Home from Rome for Rotherham plasterer
But despite the hard graft and long spells away from his family, the dad of two has no regrets, insisting: “I’ve had the best six months of my life.”
Tim’s adventure began a year ago when he answered an online advert for tradesmen to take part in a new TV series.
The job opened up a string of new horizons for him, as the team headed out to Turkey to learn how Roman builders worked, before applying their new-found knowledge to the arduous project of building a villa from scratch on a site in Shropshire with the same techniques and tools used 2,000 years ago.
“It was a really eye-opening experience for me,” he said.
“It came at the perfect time because there was not a lot of plastering work around and it was six months’ work and the chance to do something new.
“My perception of the Romans was what I’d got from the Age of Empires video game.
“When you leave school, you forget what you learned about them.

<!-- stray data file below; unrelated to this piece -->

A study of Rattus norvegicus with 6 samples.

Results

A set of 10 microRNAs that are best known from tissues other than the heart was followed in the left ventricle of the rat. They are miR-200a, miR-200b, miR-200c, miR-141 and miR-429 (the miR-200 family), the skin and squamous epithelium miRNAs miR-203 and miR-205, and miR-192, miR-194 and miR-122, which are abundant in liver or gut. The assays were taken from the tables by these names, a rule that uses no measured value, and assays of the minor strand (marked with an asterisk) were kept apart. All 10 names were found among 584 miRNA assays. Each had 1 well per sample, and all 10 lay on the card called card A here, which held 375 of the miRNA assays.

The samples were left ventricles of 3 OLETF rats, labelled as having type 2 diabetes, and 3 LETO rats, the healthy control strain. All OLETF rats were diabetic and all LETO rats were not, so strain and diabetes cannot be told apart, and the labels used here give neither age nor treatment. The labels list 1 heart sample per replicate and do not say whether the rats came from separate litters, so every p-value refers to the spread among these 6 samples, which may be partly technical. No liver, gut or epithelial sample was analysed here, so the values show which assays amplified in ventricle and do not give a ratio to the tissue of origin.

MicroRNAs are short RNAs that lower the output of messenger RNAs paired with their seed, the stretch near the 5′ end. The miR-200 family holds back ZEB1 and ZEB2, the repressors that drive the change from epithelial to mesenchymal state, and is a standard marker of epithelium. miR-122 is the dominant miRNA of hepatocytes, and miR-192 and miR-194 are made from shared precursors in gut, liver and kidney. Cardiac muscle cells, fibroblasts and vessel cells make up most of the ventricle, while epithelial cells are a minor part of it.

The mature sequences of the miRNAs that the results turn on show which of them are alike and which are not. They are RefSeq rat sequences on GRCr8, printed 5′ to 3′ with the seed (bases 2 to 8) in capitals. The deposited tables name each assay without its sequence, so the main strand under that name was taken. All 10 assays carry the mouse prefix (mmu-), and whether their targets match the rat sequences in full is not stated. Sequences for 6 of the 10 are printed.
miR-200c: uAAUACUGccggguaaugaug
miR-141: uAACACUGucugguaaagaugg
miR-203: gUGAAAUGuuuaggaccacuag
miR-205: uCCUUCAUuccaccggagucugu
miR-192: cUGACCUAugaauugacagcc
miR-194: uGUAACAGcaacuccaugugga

“But what they did was amazing. We are still using building techniques today that they used all those years ago.”
Tim said that viewers of the six-week series, which started last night, could expect to see him as a lively character with a big personality.
“I enjoy going to work and having a bit of banter and that’s what you’ll see,” he said.
“I like to have a good time at work.”
With no modern machinery available, the gruelling project was driven by hard work and often involved long hours.
“I even fell asleep on the scaffolding one night at about 11pm and woke at 1am wondering where I was,” Tim added.
“We were working from 7am to 6pm most days because we were up against it and behind schedule.”
Back home in Braeburn Close, Maltby, with wife Nicola and daughters Alica (8) and Maddison (4), Tim admitted that the state of the industry meant plastering work was thin on the ground.
He now hopes to build on his experience by becoming involved in more heritage projects.
“I would love to do something like that again,” he said. “Normal plastering is not the same. I would like to work in preservation or conservation work.
“It’s been really eye-opening and the work that Shropshire Council have done is fantastic.
“But above all, I just want to make a good life for my wife and kids.
“I would sign up for a project like this again in a second. It was a chance in a million and I loved every second.”
The second episode of Rome Wasn’t Built in the Day will be shown next Thursday at 9pm. You can still see the first episode at www.chan nel4.com.